The United States cut preferential trade tariffs for Argentina Monday saying Buenos Aires had failed to pay penalties it owes US companies after international tribunal rulings in their favor.
US Trade Representative Ron Kirk said it was removing tariff-free treatment for imports from Argentina because the government had ignored requests to pay $300 million in two arbitration awards against the country dating back to 2005-2006.
"The government of Argentina has not paid the awards, despite repeated requests to do so by the two petitioners and the United States government," said a statement from Kirk's office.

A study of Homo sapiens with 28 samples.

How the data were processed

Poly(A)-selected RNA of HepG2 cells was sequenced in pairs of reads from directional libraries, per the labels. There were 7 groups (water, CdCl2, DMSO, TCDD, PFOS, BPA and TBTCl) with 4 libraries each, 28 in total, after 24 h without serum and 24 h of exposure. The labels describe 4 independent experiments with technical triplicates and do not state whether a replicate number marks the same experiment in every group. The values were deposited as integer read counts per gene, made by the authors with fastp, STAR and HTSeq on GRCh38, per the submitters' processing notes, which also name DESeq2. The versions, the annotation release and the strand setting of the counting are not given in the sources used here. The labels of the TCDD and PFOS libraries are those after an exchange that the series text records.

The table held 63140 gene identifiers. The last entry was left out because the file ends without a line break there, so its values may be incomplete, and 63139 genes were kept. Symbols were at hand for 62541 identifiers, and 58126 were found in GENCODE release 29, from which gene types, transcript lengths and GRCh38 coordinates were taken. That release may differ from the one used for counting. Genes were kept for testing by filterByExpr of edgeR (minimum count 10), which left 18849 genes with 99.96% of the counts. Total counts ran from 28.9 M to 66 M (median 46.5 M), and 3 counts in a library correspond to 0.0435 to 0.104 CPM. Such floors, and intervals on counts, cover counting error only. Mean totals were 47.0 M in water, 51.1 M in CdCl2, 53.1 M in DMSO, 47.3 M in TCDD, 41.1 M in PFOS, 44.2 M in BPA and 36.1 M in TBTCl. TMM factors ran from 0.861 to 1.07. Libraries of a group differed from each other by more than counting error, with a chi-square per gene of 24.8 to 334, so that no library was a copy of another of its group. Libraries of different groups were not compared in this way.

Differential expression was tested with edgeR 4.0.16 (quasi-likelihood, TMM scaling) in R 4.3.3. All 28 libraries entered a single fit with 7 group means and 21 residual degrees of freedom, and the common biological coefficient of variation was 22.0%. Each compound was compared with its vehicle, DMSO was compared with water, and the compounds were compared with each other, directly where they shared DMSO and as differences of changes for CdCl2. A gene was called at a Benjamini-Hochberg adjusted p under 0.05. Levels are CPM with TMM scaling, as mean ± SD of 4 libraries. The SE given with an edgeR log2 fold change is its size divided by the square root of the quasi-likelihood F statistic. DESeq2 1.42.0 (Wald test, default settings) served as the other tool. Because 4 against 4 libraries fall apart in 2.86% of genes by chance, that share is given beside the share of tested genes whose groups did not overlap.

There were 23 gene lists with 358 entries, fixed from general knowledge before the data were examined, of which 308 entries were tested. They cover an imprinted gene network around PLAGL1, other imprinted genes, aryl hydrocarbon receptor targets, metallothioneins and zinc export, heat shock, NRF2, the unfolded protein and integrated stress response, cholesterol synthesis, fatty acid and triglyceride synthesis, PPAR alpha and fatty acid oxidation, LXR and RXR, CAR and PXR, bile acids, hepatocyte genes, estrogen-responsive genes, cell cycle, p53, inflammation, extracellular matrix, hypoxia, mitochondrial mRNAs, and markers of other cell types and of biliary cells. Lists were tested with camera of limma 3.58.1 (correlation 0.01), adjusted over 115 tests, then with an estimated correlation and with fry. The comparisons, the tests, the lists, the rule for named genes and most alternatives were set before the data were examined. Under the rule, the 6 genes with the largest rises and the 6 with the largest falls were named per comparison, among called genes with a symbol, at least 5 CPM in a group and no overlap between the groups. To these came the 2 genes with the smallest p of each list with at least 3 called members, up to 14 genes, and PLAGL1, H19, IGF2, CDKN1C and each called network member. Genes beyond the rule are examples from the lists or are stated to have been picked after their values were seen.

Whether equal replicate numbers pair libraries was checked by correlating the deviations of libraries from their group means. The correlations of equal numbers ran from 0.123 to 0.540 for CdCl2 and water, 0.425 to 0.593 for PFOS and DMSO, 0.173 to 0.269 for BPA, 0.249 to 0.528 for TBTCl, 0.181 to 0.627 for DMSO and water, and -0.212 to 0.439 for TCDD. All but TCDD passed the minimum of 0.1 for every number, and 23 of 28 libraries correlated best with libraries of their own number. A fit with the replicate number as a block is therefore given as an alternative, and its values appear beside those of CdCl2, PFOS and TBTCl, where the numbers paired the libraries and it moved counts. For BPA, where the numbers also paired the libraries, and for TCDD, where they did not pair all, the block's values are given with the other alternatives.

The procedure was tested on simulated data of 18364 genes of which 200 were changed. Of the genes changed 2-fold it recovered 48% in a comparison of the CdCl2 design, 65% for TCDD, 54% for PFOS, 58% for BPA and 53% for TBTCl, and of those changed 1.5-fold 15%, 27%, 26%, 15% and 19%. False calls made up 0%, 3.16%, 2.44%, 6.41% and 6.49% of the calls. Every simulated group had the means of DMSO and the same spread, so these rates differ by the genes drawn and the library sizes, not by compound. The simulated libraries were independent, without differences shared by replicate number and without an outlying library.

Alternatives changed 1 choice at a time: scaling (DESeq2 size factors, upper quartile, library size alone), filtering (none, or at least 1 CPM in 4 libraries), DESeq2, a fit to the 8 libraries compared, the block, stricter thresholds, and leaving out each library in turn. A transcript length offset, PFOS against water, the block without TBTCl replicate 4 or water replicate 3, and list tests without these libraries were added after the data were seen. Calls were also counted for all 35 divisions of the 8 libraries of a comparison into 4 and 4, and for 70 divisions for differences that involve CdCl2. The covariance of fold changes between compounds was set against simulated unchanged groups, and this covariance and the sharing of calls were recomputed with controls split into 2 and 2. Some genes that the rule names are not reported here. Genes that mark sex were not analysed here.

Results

The move withdrew Argentina's inclusion in the US generalized system of preferences (GSP) program, which aims at helping developing countries by removing duties on some goods they ship to the United States.
Last year the US imported some $477 million worth of Argentine products -- 11 percent of all US imports from Argentina -- that were covered under the GSP program.
The USTR said that criteria for qualifying for GSP benefits include adhering to arbitrated awards to US companies that fall under the US-Argentina bilateral investment treaty and the International Convention on the Settlement of Investment Disputes.
The ICSID tribunal ruled separately in favor of the US firms Blueridge Investments and Azurix for losses both incurred on investments in infrastructure dating to Argentina's financial crisis of 2001.
Buenos Aires' challenges of both cases were also rejected in ICSID hearings.